I guess so. I suppose this piece doesn't really suggest solutions as much as identify a problem. We're hating on the hucksters, but the hucksters aren't really the problem. The problem is people who think the information they need is beyond them.
Firstly, what's this "we" stuff, huh?
I'm innocent I tell you! Sure I bought that smokeless ashtray and the odor-free diaper garbage, but they almost work! When I leave the room it smells great!
Bad humor aside, I think you're both talking about equally important facts. On one hand I think reality is its own reward. By that I mean the closer we can come to understanding the truth of whatever it is we're doing, the better...and I think we really ought promote the truth where ever we can, generally speaking. On the other hand, the phrase "you can lead a horse to water, but you can't make it drink," also comes to mind and I think you can make a thirsty horse hate water by trying to force it down its throat. So what we're left with, in my opinion, is the need for open communication to express ideas; the need for language that is viewed as respectful to engage those we're seeking to communicate with. I think this means we have to learn to "speak the language" of whoever we're talking to...and sometimes that's very difficult.
The essential reason of going to someone to teach us something is because the information is beyond us. I get that what you're saying is probably more along the lines that these "buyers" put themselves in a subservient position, idolizing their teachers and always presuming they know less without ever really questioning their authority. Still, to some degree I think this is a natural part of the teacher-student dichotomy. The question to my mind is one of how much or how long the student is doing this. Over time, I would hope all students would compare methods within their field of study.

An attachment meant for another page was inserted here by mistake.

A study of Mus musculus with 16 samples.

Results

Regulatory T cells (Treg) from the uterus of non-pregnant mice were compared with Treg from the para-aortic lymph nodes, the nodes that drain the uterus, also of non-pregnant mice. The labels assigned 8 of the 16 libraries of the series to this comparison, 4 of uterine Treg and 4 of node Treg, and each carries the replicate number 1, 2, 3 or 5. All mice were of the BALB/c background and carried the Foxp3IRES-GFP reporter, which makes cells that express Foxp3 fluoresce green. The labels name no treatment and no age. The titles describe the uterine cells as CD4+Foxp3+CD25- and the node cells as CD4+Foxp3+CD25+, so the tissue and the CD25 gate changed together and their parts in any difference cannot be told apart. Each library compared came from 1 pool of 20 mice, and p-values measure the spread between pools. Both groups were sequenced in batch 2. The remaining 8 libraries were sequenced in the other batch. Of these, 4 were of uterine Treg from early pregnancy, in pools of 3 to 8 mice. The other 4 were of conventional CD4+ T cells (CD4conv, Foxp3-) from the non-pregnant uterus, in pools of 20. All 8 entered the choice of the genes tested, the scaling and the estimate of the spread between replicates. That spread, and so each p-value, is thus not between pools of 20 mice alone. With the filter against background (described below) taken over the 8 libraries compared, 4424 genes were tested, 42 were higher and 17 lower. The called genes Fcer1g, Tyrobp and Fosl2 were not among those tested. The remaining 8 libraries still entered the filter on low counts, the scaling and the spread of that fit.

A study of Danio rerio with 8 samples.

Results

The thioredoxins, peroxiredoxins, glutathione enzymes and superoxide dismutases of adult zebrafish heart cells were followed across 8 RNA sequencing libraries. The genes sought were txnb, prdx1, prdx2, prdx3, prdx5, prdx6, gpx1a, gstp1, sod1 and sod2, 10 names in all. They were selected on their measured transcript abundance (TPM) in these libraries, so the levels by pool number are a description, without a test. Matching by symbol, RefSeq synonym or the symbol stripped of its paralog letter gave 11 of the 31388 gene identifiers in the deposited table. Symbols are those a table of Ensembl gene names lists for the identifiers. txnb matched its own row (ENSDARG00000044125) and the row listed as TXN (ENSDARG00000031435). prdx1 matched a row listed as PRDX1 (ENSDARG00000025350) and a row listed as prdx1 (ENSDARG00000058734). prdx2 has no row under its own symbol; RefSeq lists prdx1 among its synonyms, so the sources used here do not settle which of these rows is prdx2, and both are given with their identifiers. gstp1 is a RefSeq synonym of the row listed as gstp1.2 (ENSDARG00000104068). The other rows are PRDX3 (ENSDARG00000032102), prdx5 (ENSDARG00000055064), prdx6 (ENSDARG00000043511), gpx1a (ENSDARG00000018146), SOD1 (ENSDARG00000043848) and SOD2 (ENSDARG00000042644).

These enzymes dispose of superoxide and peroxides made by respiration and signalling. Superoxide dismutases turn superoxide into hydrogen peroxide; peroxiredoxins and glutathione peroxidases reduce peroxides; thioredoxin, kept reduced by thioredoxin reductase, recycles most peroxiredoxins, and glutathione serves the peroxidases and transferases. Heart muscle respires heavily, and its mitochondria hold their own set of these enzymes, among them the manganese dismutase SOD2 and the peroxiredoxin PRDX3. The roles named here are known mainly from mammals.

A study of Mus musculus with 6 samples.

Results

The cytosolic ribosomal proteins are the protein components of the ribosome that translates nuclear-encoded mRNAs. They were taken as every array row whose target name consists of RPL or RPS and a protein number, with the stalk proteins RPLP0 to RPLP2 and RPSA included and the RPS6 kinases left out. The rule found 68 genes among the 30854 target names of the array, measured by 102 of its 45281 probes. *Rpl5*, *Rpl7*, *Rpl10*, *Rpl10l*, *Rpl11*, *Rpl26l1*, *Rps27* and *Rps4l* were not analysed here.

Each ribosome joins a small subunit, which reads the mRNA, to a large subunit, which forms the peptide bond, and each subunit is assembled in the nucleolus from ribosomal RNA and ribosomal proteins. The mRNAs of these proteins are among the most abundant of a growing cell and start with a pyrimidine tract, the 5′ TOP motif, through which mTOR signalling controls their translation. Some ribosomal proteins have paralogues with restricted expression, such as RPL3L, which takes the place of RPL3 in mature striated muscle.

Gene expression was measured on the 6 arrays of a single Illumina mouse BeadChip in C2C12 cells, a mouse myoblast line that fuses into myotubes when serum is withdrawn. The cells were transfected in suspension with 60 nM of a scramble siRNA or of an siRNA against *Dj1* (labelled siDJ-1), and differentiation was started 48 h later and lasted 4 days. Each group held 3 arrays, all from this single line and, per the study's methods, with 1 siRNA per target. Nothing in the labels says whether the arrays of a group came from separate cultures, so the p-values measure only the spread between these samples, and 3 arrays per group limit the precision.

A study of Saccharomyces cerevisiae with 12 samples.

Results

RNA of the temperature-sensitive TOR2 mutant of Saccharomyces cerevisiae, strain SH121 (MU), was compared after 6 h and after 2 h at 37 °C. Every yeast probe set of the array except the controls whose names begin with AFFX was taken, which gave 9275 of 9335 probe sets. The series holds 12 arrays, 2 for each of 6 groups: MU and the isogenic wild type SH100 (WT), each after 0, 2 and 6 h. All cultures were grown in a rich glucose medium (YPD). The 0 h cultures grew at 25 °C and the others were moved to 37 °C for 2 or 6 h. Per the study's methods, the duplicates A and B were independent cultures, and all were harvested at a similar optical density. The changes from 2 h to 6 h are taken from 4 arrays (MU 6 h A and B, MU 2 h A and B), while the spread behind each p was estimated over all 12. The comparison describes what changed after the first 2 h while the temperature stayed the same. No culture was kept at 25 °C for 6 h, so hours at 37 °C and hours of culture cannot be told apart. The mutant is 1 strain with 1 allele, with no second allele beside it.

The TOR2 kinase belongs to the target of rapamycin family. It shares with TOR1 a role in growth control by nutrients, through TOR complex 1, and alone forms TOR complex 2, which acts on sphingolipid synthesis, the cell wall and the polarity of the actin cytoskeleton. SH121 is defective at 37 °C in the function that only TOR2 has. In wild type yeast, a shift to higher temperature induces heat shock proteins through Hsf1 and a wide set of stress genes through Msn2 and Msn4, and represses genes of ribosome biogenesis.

Thinking about the video with the kid being moved by "ki" (or what have you), my cynicism springs to the forefront. However, I do believe strongly in the power of suggestability (particularly through body language). So while I hold a rather large amount of cynicism, I also can see where perhaps there might be something potentially valid going on too. I would like to see how that "stuff" fits in with what I hope is a very different "regular" training.
I think one of the biggest problems martial arts faces has to do with the fact that many, if not most people, have little real idea of what it is or how it fits within the spectrum of potential self-defense practices. I've had friends who were in more fights than I can count who looked at me like I was dangerous just because I "took martial arts." It's BS. They could probably clean my clock like it was nothing if they buckled down to try it. These are people (albeit untrained) who know what fights can be like; imagine someone with zero to no fight experience, like most people in our society.
All we can do is educate based on our experience. If we're seeking to educate, then we have to consider how to make the message received.
Opportunists will probably always be around. My theory is that the first wheel was invented by a lazy neanderthal; it was then brokered by an even lazier one. Someone always seems to fall into the path of least resistance...I know I've done my share of sliding down that muddy lane a lot. At any rate, I've really enjoyed reading what you have to say on this.